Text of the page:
Local knowledge vital for keeping benefits relevant, says Galapagos’ Sush Dhonsi
Biotechnology company Galapagos was founded in 1999 to discover new medicines. Since then, we’ve grown from our headquarters in Belgium to have more than 1,500 employees across 15 countries, mainly in Europe and the US.
As the business has expanded, we have adapted benefits strategy and governance to ensure they support business objectives. We focus on core benefits such as pensions, life and healthcare, but also look at local markets and the tax optimisations. These can be a driving force to implement something that is part of our company culture.
An example of this is an internet allowance offered across all markets. While some employees enjoy tax breaks on it due to the local legislation, for others we increase the payment to cover the tax so they are no worse off. We also give employees a one-off €500 when they join the company to cover their home office set-up.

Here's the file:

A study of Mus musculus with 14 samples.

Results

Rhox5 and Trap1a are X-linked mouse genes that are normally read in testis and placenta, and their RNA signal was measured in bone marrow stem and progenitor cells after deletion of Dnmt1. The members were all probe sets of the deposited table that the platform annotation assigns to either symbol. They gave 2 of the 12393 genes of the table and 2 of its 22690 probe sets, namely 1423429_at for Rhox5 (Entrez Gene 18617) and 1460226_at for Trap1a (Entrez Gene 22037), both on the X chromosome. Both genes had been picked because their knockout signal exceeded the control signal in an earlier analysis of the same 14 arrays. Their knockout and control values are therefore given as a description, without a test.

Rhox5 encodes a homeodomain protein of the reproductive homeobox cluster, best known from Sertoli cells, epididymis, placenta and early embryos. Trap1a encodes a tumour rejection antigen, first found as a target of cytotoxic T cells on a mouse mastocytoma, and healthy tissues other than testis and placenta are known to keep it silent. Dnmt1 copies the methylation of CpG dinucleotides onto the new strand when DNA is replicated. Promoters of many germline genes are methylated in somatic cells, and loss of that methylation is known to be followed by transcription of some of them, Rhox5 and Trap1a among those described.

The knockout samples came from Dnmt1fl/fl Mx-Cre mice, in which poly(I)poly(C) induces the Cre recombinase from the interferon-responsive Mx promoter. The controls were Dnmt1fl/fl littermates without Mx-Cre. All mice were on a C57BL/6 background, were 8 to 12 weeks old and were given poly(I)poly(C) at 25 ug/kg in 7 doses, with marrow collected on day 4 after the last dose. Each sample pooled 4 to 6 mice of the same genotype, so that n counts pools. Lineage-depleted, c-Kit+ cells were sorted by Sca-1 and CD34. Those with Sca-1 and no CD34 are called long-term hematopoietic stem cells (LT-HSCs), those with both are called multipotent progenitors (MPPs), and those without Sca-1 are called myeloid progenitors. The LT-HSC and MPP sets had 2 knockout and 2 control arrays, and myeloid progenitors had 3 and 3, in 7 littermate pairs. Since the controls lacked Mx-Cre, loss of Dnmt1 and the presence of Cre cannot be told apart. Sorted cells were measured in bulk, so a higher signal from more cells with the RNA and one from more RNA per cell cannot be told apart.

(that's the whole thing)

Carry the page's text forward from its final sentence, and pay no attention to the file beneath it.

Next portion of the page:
As the company has expanded, keeping track of each market has become more of a challenge. We rely on local brokers in each country. I speak with them regularly to ensure they are aware of the company’s strategic approach and our core values and check if there have been significant legislative or benefits changes that might affect our programme.
I also rely on my HR colleagues in other countries. It can be a bit hit-and-miss with the local brokers and I have found myself having to nudge them if I’ve found something out first or if one of my colleagues draws my attention to a change. Having a global broker is in some ways smoother as you have more structured meetings and look at benefits across all countries, but we’ve not quite reached the scale yet.